It takes a village to raise a mom
This morning I drove Edie to town to daycare so I could get some work done. My husband was gone hunting in Montana over the past few weekends and into this week, so I’ve been on my own a bit more, managing a schedule of deadlines, performances, doctors appointments and fun. I’ve been calling on my mom and dad, sister, mother-in-law and daycare provider to fill in the blanks of caretaking along the way so that my husband can have time to do the things that make him feel like himself, obliging, of course, because he does the same for me.
When I was a kid my grandma would take my little sister and I into town to run errands. After a stop at the pharmacy and post office, we would inevitably wind up at the Chuck Wagon Café on the corner for a hamburger or ice cream.
If Dixie, my favorite waitress was working, she would serve us chocolate ice cream with chocolate syrup and chocolate M&Ms, a sweet indulgence and a simple gesture that seemed to stick with me throughout my life the same way I've kept the memory of a teenage neighbor giving me words of wisdom about an unruly horse at a 4-H show when I was 11.
And there are dozens others — my third grade teacher who would let me write plays for our class to perform for the school during lesson time, our hired man who caught a grass snake for my sister and me to keep as a pet one summer and who saved our puppy when he got his head stuck in the Christmas tree stand, the older neighbor boy who taught us girls how to play football by running plays on his knees and letting us tackle him, and my aunt and uncle who would have me at their ranch for a few weeks in the summer to eat popsicles and help my cousins groom and show their sheep and steers at the fair.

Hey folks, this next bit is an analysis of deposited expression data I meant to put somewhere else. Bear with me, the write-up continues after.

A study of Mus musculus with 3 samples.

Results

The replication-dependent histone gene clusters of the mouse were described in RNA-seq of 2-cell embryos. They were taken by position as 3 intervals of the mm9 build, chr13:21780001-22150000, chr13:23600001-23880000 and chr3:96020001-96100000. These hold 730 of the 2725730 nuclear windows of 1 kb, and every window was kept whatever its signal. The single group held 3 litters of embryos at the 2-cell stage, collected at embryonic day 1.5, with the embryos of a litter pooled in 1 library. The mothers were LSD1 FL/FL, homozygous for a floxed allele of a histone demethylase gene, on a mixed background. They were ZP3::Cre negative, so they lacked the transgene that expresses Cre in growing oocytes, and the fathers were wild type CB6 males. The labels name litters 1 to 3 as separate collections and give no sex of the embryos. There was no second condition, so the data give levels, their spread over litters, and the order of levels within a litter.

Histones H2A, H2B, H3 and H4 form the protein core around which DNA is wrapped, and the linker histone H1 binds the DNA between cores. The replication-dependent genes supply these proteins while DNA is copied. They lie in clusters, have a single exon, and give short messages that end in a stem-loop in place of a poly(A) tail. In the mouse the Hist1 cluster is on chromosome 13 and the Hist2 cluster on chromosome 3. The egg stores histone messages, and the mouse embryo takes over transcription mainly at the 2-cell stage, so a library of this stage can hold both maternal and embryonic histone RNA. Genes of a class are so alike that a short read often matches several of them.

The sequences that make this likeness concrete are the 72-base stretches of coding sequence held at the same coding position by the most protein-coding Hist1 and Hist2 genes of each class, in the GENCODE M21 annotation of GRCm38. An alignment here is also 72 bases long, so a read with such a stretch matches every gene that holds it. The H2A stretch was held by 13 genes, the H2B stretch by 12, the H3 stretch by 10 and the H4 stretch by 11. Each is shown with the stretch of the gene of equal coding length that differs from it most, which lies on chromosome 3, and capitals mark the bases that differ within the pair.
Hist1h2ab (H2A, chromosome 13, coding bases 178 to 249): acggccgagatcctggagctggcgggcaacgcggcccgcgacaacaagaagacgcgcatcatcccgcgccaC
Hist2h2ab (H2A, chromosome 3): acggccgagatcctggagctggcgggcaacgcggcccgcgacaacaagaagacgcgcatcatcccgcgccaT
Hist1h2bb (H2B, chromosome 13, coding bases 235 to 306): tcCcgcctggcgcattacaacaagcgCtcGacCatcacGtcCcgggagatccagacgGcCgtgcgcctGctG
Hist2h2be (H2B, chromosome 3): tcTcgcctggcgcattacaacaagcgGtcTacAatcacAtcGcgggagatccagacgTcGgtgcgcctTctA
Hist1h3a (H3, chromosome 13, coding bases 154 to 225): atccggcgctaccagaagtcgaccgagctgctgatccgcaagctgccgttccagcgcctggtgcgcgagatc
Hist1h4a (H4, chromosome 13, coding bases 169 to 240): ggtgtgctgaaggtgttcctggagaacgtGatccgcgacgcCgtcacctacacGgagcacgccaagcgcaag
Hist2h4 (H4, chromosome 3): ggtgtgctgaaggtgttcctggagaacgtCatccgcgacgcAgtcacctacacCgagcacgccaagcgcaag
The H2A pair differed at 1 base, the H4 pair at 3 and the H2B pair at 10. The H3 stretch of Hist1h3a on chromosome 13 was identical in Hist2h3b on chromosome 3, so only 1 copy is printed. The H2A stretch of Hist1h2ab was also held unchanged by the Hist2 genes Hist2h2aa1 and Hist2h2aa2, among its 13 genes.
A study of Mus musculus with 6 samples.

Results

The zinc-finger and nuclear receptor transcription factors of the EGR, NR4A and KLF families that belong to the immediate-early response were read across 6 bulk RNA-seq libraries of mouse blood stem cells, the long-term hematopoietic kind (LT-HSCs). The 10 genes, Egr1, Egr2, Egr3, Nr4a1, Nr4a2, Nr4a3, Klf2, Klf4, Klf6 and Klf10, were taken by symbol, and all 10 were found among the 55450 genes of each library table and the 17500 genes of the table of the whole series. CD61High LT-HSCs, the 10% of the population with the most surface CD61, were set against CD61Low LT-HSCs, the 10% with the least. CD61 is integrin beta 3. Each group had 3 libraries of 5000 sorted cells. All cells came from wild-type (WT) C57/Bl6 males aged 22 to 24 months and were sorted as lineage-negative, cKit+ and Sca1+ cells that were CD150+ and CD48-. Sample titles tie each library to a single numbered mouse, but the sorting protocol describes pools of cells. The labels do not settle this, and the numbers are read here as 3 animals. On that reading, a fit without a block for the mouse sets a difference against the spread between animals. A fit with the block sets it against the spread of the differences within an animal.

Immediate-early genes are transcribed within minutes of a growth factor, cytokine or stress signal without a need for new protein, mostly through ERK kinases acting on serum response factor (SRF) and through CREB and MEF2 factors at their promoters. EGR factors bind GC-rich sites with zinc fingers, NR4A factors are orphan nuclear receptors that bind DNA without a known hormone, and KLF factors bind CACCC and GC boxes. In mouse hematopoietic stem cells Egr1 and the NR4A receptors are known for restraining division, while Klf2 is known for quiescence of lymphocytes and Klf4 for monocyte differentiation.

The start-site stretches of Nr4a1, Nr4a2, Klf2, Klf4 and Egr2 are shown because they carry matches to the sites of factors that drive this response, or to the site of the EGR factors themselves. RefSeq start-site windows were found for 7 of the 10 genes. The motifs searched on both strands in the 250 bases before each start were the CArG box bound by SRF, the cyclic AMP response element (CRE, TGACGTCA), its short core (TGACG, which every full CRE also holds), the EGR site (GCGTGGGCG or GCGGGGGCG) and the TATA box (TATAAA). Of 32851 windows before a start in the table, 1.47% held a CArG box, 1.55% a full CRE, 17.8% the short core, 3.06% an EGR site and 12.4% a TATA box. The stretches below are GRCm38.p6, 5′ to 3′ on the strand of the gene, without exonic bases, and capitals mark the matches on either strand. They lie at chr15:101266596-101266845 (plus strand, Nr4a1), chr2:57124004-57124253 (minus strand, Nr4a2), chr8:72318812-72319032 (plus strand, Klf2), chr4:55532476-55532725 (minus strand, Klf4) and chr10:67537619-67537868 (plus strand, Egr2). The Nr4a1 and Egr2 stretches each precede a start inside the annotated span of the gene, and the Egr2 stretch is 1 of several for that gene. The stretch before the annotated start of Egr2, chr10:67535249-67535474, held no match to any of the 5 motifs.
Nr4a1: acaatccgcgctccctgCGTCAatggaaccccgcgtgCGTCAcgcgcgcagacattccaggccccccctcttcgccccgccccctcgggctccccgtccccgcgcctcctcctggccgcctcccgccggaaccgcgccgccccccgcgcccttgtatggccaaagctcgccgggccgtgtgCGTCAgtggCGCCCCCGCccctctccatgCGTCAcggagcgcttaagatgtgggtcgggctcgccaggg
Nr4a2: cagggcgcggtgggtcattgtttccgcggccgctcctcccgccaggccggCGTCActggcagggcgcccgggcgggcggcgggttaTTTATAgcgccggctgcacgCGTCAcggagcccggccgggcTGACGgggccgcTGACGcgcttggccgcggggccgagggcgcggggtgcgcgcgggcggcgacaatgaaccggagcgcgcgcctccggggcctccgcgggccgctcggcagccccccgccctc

These are the moments embedded in that old saying "It takes a village to raise a child." I've been thinking about it lately as I've been relying on my extended family and friends more than ever to help me balance mom life and work life.
And a parent could start to feel guilty about leaning on others, except the older Edie gets, and as my big belly grows along with our plans, I've slowly come to realize that not only can we not do this parenting thing alone; I don't know if we were meant to.
Because that little village I looked up to are characters woven into the story of my life who not only taught me lessons, but sweetened my life experience beyond the borders of our barnyard.
And you know, now that I think of it, the influence of that village didn't stop when I found myself all grown up — it's just that I think I took them for granted until now when I feel I need them the most. Because it turns out it takes a village to raise a mom too, and I am thankful for mine.